Tuesday, January 25, 2011
Love to learn!
I actually like knowing the details of where my foods are raised.
Sometimes I read food labels just to find out where the food I am eating came from, and then I take a moment to bless the people and area that were involved. I think about what a vast team is needed for me to be munching: the person selling the seed or the animal, the person tending, harvesting, shipping, the trucker, the person who stocks the shelves and rings up the purchase.
I get a kick out of seeing the name of a town that I know printed on the product: a town in British Columbia cited for having raised the blueberries I sprinkle on my morning cereal, which in turn was from a company in my home town in La Jolla.
Aiming to be a locavor, or one who only eats locally grown products is a good thing; I believe in supporting my immediate neighbors as much as possible. But there still is some quite good about recognizing the global unity of food production.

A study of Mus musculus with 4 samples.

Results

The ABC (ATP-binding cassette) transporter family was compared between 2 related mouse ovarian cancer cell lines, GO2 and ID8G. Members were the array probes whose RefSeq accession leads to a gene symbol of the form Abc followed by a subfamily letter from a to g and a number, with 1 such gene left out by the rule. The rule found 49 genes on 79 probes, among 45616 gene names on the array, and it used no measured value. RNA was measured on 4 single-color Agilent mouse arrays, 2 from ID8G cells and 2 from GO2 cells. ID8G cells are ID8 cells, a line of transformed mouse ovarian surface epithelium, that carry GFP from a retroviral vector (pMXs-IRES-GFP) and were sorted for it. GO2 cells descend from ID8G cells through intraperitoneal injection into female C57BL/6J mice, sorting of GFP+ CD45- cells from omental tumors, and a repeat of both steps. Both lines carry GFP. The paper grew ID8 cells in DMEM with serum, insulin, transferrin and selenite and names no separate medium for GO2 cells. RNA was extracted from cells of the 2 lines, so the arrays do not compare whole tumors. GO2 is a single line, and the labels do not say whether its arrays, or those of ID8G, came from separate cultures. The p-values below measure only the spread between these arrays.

Anyway, I decided to post about this topic as I was drinking some tea this morning. It was a nice green tea, with roses and hibiscus and cherry blossoms and such. The thing is that just recently I have discovered that my level of tea sophistication is a lot lower than I had imagined.
I was searching for a resource for a good oolong, when I came upon THIS site. (click on each picture to get more details about each tea. No really...take a moment and explore a bit...you will be amazed.)
The site's home page.HERE
Oh my goodness.
Suddenly I realized I was like the high school kid who has been swilling Boones Farm Strawberry Hill and thinks they are totally knowlegeable about wine.
I know nothing...nothing! about tea. I know even less about the geographic areas of tea production.
But soon, very soon, I hope to remedy that fact.
Do tell: I am the only one who was clueless about artisan teas? Have you ever steeped a cup of Monkey Picked or Dragon Ball tea? Or savored a cup of Hairy Crab Oolong with a friend?
Does the idea of paying $50 for a quarter pound of tea leave you shaking your head? (Even though a quarter pound of such tea will result in many more servings than a $50 bottle of fine wine.)
The antioxidant value of red wine has been praised as being good for one's health; the antioxidant value of tea is the same or better with a lot less calories.
Something to ponder. Maybe being a wine snob will eventually be inferior to being a tea snob.
And at least I can drink tea at work...which I am running late for as usual!